The review of 8 studies on gastrointestinal injury related to exercise found that distress set in after the 2-hour mark, which is significant because no one has ever completed the 26.2-mile marathon in that time.
Running can be good for your health, but apparently running a marathon—which no one has ever done in under 2 hours—is likely to bring on gastrointestinal (GI) distress.
A review of studies on the effect of acute exercise on GI injury finds that exercising more than 2 hours at more than 60% of a person’s maximum intensity level can bring on symptoms of gastrointestinal distress, “irrespective of fitness status.” This is especially true in the heat. Those with a predisposition to GI problems are more likely to have problems related to strenuous exercise, according to the review, which appeared this month in Alimentary Pharmacology & Therapeutics.
“While there is evidence for health benefits of moderate exercise in patients with inflammatory bowel disease or functional gastrointestinal disorders, the safety of more strenuous exercise has not been established,” the researchers wrote.
The researchers reviewed 8 previous studies to draw their conclusions. The condition they identified has been labeled “exercise-induced gastrointestinal syndrome.”
GI problems are common among marathoners, even though many athletes do not want to discuss them. One study found up to 71% of long distance runners experience cramping or diarrhea, for physiological reasons that include the diversion of blood flow to the muscles to severe jostling of the intestines. Nerves may play a part as well.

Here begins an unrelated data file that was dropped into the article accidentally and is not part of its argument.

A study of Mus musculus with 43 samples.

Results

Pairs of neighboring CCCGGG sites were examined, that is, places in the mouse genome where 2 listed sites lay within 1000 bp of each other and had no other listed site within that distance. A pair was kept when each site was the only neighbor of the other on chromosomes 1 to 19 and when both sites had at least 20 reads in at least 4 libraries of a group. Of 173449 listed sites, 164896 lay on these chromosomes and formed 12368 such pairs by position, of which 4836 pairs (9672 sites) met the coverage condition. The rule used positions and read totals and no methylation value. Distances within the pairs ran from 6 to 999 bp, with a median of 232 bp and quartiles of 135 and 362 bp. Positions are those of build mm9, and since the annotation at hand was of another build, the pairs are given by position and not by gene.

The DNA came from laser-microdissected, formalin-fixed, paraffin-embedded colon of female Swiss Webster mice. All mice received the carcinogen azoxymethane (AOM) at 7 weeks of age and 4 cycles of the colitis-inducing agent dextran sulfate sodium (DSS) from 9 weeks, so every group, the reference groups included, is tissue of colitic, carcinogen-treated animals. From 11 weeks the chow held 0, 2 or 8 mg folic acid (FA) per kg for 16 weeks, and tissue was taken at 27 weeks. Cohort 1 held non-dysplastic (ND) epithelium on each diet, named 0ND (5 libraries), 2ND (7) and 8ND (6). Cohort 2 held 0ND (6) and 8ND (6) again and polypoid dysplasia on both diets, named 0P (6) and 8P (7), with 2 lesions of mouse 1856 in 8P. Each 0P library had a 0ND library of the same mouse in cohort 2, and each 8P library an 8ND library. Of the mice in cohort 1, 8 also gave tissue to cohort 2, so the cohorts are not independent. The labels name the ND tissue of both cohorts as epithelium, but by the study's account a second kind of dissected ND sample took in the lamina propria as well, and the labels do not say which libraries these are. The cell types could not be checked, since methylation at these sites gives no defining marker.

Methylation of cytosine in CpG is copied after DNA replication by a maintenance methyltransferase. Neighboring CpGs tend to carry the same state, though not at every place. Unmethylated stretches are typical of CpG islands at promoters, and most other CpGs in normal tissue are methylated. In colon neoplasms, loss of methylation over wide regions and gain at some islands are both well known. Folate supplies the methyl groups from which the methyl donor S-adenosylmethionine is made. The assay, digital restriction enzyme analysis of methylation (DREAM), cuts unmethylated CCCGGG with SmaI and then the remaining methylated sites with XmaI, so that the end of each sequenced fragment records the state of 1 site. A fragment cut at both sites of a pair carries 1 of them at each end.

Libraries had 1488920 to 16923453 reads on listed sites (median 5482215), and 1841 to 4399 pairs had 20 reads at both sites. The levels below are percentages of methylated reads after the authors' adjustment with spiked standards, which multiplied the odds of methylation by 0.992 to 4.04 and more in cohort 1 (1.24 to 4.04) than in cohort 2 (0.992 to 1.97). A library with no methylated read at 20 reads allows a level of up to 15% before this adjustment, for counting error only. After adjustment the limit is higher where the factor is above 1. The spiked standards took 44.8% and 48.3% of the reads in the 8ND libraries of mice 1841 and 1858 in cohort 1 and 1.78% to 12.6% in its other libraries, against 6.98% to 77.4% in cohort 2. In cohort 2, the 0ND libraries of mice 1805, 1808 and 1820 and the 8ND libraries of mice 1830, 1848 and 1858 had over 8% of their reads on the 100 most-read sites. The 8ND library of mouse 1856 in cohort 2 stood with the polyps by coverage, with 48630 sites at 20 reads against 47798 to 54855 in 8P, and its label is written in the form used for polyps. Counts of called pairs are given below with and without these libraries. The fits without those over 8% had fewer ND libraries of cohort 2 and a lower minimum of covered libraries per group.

Identification of 2 hours as the threshold when GI problems start to set in during intense exercise is significant, since no runner has ever broken the 2-hour barrier for the 26.2-mile race. The recognized world record is 2:02:57, set in 2014, and the average finishing time for men in the United States is about 4 hours, 20 minutes.
“Exercise-induced gastrointestinal syndrome has the ability to create acute disturbances in the health of the gastrointestinal tract due to multiple physiological changes association with hypofusion and ischemia, epithelial injury, impaired barrier function, impaired nutrient absorption, altered gastric and intestinal mobility, endotoxemia, [and] local and systemic inflammation,” the authors state. “Whether the syndrome is associated with the development of chronic disease acutely or after repeated insults remains unclear, but is of concern and requires more research.”
Costa RJS, Snipe RMJ, Kitic CM, Gibson PR. Systematic review: exercise-induced gastrointestinal syndrome—implications for health and intestinal disease [published online June 7, 2017]. Aliment Pharmacol Ther. 2017; doi: 10.1111/apt.14157.